What We See & What We Believe
Once, on an unconventionally lush piece of land in Virginia, I heard a farmer say something seminal.
You know the expression, "I'll believe it when I see it"? he asked a group of us who had come to hear how his farm was so verdant.
Yes, we nodded. We knew it. Probably many of us accepted it as fact.
I think the opposite is true, the farmer said. I think it's, "I'll see it when I believe it."
I walked away from his farm, gloriously rattled by the power of that sentiment.
If we believe we can start a business, there's a good chance we'll start to see opportunities to make it so. Sitting next to a woman at dinner who knows a ton about business plans, noticing a workshop for first-time entrepreneurs, an out-of-the-blue email from a friend looking to do web development for small businesses.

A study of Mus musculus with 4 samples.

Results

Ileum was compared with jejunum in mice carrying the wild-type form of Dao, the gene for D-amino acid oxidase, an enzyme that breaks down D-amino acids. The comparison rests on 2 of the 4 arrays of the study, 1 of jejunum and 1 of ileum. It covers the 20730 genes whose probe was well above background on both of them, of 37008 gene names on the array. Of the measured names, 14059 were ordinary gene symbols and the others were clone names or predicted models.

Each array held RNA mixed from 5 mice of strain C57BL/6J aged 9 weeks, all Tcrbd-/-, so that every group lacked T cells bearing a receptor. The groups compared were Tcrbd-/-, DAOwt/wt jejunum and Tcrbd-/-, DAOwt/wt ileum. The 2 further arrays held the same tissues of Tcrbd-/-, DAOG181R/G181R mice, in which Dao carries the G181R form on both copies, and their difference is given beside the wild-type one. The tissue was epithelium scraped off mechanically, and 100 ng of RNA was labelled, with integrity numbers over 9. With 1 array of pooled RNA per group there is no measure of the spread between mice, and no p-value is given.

But if we don't believe we can start a business, none of that stuff will appear to us as opportunities. The woman at dinner is nothing more than interesting, the workshop isn't for us, we tell the friend we'll let her know if we think of any good clients, and wish her good luck.
If we believe the day is full of possibility, possibility is what we'll see. If we believe the day is full of bad news, bad news is what we'll see.
This is not a prescription for rose-colored glasses. This is risking believing in something beyond what we can see and touch in the here and now.
When we believe in the potential for something, our eyes open differently. We take in and make meaning of the world in a generous and imaginative way. Where many see nothing, we see something. Which could become something wonderful.
Since, as that farmer on his lush land showed, it is less what we see that shapes what we believe. And more what we believe that shapes what we see.